It was not the kind of reaction I expected.
I had written what I thought was an opinion piece on the new administration’s attitudes toward LGBTQ people and how we needed to be extra vigilant to preserve what advances we have made in securing our rights. I don’t get a lot of personal responses to my writing, but this time was different. This time, I got a very heated response that gave me pause.
It was not from a conservative defending Trump and his cronies, but from someone who I know is a genuine “bleeding heart” liberal. (I consider that term as a deep compliment, by the way.) And what he was upset about was the lack of a hopeful message in what I wrote, the lack of something reassuring to those of us in the LGBTQ community who are frightened.
I believe he expected me to help calm the nerves of people who rightfully might be afraid that things could go badly for us, and very soon.
Since he is a friend, I answered, telling him that I was merely expressing a valid fear and backing it up with several points that were disturbing. It was not my job to make readers feel safe and calm, after all.
That was several weeks ago, and since then I have thought long and hard on the subject, so I decided it was only fair to try to understand his point of view.
Today, things have not changed much with regard to the Trump presidency (a phrase that still makes me vomit in my mouth a little when I say it). What has changed is my attitude — and that’s what this is about.
Fear is a powerful emotion, and it has been successfully used as a tool, a weapon and a tactic by the Right, especially the “Alt-Right” (aka Neo-Nazis and white supremacists). They use it because it has been proven successful.
Fear drives people to do irrational things, and voting for Trump is just one example.
Fear led us to rescind some of the basic rights on which our country was founded. Fear made us suspicious of our fellow Americans simply because they wear a head scarf or turban.
Fear made our fellow citizens afraid of being served by waiters who were gay because of the false idea that AIDS could be spread by simply touching food. Fear led legislators to pass ridiculous laws about bathrooms and gym showers.
The world can be a scary place sometimes. That is the truth, and I won’t sugar coat it.
But fear is not an absolute, especially irrational fear. It is something we can embrace and take into ourselves, or we can reject it. It is ultimately our choice which path to take.
We can simply be pawns in the game, or we can take control of our emotions and change the rules. We can turn the energy we waste being fearful into energy we use fighting back. We can create action instead of reaction. We can do something instead of doing nothing.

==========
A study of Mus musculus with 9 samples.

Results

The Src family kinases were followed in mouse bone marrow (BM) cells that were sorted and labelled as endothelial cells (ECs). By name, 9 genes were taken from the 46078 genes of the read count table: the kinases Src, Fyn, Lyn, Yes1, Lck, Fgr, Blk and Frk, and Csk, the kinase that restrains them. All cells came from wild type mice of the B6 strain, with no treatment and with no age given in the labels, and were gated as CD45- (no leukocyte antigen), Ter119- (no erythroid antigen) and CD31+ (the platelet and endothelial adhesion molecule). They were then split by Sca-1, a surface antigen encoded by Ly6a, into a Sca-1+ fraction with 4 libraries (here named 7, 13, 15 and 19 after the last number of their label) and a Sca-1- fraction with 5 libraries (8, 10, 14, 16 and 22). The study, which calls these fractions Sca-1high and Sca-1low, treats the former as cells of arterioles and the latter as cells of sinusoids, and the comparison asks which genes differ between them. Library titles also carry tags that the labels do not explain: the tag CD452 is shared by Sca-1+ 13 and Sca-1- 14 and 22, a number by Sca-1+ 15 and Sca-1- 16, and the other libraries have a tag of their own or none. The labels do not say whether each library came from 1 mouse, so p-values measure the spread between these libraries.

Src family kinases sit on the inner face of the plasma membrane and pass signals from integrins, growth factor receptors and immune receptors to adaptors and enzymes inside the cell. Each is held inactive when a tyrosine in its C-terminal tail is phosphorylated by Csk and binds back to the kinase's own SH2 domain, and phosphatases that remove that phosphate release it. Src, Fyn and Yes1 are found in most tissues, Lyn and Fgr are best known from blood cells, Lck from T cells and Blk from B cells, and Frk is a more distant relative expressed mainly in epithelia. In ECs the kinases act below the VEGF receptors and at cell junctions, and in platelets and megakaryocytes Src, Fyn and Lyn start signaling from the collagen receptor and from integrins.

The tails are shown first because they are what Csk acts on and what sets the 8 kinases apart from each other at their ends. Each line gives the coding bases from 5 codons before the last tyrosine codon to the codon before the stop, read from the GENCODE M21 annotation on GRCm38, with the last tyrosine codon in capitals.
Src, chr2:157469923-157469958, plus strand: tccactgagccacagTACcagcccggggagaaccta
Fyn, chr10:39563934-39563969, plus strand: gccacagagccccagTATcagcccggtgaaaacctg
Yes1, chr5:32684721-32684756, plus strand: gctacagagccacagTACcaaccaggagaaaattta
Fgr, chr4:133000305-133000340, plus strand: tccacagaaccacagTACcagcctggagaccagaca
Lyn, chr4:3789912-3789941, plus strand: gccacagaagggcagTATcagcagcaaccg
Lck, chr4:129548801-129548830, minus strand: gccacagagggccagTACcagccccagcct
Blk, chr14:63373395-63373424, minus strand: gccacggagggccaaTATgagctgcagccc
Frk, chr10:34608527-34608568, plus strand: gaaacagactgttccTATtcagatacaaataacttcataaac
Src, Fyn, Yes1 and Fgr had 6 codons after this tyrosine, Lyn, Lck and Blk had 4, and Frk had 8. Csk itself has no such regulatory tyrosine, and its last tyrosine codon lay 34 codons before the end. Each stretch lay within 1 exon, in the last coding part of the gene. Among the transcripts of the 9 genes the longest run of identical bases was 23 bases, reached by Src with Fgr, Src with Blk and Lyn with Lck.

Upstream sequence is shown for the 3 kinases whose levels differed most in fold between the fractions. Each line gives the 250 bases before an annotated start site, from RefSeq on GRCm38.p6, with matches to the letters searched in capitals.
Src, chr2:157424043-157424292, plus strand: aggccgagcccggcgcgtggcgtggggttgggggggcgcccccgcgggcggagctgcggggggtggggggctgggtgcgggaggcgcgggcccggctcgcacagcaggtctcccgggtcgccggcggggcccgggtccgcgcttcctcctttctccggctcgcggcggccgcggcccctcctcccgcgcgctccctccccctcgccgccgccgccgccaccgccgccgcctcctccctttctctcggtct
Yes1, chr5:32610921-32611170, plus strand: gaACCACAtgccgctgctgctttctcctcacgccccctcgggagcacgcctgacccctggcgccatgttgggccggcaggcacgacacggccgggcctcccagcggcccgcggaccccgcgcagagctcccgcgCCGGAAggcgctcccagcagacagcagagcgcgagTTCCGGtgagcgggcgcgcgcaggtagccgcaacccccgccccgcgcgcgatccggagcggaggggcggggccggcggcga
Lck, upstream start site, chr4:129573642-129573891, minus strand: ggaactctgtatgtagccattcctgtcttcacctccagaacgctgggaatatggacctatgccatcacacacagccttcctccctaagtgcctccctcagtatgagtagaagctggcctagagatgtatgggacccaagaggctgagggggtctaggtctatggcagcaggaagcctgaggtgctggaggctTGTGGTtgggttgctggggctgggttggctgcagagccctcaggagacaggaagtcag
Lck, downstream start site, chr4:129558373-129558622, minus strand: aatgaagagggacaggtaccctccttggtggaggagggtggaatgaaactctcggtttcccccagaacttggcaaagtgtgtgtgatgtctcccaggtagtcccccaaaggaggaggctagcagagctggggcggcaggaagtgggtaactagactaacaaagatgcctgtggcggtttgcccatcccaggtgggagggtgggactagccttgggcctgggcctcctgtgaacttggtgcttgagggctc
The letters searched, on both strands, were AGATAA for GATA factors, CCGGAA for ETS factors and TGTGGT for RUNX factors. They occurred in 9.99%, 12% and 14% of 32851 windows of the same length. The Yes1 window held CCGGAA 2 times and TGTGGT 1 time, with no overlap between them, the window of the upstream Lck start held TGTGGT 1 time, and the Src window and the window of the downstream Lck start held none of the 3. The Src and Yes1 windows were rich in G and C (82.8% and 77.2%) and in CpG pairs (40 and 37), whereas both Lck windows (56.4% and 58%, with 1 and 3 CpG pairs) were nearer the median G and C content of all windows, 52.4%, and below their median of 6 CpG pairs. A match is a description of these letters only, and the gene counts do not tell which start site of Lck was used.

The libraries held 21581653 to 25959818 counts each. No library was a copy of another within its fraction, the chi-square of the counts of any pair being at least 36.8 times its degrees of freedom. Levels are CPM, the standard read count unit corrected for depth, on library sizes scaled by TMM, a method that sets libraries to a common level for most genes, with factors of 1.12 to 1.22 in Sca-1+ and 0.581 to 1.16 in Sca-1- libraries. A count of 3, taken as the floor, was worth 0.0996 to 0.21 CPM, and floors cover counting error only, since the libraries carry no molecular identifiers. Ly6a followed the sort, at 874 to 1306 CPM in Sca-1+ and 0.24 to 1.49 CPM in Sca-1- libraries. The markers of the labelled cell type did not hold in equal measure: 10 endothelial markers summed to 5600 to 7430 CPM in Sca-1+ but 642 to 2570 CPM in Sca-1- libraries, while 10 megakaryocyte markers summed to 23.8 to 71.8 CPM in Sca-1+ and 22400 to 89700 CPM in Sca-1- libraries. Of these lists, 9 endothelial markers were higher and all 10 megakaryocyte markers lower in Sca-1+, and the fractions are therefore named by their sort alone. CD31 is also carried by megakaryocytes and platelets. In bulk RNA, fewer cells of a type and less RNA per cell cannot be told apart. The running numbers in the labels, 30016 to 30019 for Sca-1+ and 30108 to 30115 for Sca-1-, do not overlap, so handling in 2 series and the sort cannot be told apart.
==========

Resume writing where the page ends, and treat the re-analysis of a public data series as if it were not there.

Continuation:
We can fight the fear on the most basic level, and we can inspire and motivate others to do the same.
It starts with getting involved. That means getting off your ass, crawling out from under the blanket fort where you have been hiding and actually doing something.
Get involved in your community. Volunteer to help a political candidate who shares your views. Work with a social justice organization to bolster existing protections. Give to social and political causes that resist the growing nationalistic trend.
Share your opinions and concerns with your elected officials by attending town halls and demanding meetings when those same officials try to hide. Lobby your relatives; influencing their opinions is easier than influencing politicians and, in the long run, more effective for you. If you are really energetic, run for office, especially one that has been unopposed for too long.
Finally, take to the streets in organized peaceful protests if the situation warrants.
Will any of this instantly change things? No.
Because the world is not a video game where you can hit “reset” and have things get back to normal. These are not normal times.
But we can get busy to make a difference. Most of all, taking action reminds us that we are not powerless. Feeling powerless is a perfect way to fall prey to fear. Your action might not seem to make a difference at first, but after a few weeks I know you will not feel so afraid.
You might feel angry, frustrated and exhausted, but you will also feel accomplished. You will have taken a small measure of control back from that fear, and in doing so, you will be able to see reality clearer than ever.
You might also just change the world.
Hardy Haberman is a longtime local LGBT activist and a board member of the Woodhull Freedom Alliance. His blog is at DungeonDiary.blogspot.com.
This article appeared in the Dallas Voice print edition April 28, 2017.